Brussels: Spain will be given time till 2016 to bring its budget deficit down below 3 percent of gross domestic product, in line with European Union mandates, European Commissioner for Economic and Monetary Affairs Olli Rehn said Friday.
"For France and Spain it is very obvious that it is more reasonable to have a correction of the excessive deficit over another two years," Rehn said at a press conference in which he presented the European Commission's macroeconomic forecasts for 2013 and 2014.
He said the fallout from the collapse of a long-building credit and housing bubble in Spain was weighing heavily on the economy, employment and the Spanish people.
Spain's unemployment rate hit 27.16 percent in the first quarter of this year, with the number of jobless people topping 6 million for the first time, according to the National Statistics Institute.
In the stability program it delivered last month to Brussels - which was based on the recommendations of the EC, the EU's executive arm - Spain extended its timetable for bringing down its deficit as a percentage of GDP.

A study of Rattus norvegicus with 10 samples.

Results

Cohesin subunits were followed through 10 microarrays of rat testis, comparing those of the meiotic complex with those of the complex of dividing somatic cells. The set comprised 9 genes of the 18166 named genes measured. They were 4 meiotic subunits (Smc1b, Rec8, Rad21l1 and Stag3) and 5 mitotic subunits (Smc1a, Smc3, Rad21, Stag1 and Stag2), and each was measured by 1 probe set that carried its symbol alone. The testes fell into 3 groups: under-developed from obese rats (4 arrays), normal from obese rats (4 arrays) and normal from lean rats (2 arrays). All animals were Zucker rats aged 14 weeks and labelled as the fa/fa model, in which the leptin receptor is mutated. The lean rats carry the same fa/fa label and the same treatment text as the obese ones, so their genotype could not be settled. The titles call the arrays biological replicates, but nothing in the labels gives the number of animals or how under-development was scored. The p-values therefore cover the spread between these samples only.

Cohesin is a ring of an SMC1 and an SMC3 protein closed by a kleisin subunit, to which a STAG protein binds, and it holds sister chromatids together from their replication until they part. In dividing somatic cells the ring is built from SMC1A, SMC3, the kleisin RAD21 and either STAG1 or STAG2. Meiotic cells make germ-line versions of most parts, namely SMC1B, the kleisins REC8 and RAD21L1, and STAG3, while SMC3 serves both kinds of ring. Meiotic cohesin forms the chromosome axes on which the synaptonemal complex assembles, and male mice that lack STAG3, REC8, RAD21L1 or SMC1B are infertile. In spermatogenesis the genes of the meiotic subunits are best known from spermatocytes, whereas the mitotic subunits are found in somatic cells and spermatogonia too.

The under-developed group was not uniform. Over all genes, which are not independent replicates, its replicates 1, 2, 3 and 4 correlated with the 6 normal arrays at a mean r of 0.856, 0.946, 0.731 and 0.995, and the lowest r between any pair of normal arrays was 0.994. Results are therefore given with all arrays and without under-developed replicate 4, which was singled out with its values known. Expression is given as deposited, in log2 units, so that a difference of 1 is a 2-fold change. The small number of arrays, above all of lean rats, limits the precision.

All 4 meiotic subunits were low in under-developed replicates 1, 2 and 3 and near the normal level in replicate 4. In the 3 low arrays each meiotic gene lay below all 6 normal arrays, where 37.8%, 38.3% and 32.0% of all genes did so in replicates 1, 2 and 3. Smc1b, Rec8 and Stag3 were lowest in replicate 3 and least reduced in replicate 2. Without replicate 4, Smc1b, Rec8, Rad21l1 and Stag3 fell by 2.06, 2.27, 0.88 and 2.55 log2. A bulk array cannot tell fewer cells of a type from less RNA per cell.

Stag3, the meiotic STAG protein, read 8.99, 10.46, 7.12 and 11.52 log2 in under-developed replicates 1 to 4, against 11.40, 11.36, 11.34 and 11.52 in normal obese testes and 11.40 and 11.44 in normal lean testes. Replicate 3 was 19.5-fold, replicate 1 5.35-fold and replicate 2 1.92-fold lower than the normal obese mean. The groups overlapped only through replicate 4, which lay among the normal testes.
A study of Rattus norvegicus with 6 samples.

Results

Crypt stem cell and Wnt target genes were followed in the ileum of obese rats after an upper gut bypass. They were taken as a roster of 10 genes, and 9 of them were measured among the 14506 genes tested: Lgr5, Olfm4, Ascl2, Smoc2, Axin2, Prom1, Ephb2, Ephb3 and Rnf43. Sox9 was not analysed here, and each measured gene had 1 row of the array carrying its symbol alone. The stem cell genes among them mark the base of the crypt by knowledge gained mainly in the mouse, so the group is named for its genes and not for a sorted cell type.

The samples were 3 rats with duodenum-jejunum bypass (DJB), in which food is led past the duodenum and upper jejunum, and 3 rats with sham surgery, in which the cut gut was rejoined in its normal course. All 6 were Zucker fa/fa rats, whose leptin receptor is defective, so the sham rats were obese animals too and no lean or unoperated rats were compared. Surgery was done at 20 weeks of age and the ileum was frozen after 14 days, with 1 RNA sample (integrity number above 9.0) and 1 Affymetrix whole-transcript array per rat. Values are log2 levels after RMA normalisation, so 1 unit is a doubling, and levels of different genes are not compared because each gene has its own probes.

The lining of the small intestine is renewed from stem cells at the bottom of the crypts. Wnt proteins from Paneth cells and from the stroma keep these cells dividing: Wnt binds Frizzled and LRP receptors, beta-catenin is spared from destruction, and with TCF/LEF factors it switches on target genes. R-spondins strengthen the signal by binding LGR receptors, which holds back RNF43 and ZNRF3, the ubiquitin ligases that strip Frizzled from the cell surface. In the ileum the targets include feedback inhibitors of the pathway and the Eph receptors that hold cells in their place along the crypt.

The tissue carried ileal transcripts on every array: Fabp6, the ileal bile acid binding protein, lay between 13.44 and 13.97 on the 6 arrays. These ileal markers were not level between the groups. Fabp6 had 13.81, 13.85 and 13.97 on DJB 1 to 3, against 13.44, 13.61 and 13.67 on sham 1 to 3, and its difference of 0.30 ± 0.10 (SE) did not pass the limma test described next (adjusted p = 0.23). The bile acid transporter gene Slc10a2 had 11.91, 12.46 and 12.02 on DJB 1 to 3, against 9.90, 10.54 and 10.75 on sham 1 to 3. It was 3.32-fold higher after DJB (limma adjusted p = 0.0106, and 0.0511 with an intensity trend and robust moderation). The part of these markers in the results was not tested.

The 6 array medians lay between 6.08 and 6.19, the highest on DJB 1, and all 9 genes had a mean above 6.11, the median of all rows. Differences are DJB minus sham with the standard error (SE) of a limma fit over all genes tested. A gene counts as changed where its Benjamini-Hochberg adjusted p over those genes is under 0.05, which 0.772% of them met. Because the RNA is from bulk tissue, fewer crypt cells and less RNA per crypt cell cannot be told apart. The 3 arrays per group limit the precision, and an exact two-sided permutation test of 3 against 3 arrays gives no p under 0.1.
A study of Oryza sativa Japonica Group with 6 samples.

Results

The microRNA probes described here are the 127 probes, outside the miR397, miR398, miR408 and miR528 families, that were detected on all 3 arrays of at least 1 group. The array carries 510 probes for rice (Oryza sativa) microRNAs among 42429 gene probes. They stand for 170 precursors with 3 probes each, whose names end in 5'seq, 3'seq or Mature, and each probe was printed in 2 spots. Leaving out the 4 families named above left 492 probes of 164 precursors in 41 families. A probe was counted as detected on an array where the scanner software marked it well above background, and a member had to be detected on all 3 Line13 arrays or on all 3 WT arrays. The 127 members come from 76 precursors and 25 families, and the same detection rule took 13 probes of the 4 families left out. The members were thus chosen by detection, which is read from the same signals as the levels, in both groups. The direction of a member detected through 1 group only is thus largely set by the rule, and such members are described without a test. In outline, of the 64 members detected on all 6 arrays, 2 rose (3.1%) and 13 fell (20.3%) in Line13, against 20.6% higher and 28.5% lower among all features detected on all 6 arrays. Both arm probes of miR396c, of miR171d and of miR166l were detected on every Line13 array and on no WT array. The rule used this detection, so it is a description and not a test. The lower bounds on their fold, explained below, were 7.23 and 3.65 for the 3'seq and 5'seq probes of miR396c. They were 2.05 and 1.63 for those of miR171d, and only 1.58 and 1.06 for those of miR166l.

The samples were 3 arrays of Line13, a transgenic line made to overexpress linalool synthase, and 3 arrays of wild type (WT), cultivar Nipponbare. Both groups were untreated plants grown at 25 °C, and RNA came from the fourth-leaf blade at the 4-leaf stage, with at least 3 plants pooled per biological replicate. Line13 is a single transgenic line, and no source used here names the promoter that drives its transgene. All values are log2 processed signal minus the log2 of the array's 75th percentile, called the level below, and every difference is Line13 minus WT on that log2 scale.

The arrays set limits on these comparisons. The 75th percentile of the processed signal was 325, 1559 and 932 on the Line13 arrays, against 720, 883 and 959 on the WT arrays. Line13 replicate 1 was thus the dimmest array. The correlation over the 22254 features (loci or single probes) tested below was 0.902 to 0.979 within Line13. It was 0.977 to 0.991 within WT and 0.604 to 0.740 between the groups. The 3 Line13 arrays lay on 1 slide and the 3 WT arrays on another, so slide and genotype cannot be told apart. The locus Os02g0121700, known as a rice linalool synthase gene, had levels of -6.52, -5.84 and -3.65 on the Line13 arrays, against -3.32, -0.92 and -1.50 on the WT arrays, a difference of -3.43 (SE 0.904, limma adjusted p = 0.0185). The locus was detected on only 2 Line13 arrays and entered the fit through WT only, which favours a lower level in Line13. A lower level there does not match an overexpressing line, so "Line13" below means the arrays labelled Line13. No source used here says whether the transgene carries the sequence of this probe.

Whereas Spain had initially planned to get its deficit below the 3 percent threshold by 2014, it now says it will lower it to 6.3 percent of GDP by the end of 2013, 5.5 percent of GDP by the end of 2014, 4.1 percent of GDP by the end of 2015 and 2.7 percent of GDP by the end of 2016.
In its macroeconomic forecasts for Spain, the Commission said Friday it expects Spain's deficit to come in at 6.5 percent of GDP in 2013 but then climb to 7 percent of GDP next year.
The EC forecast that the Spanish economy will contract by 1.5 percent this year before coming out of recession with slight growth of 0.9 percent in 2014.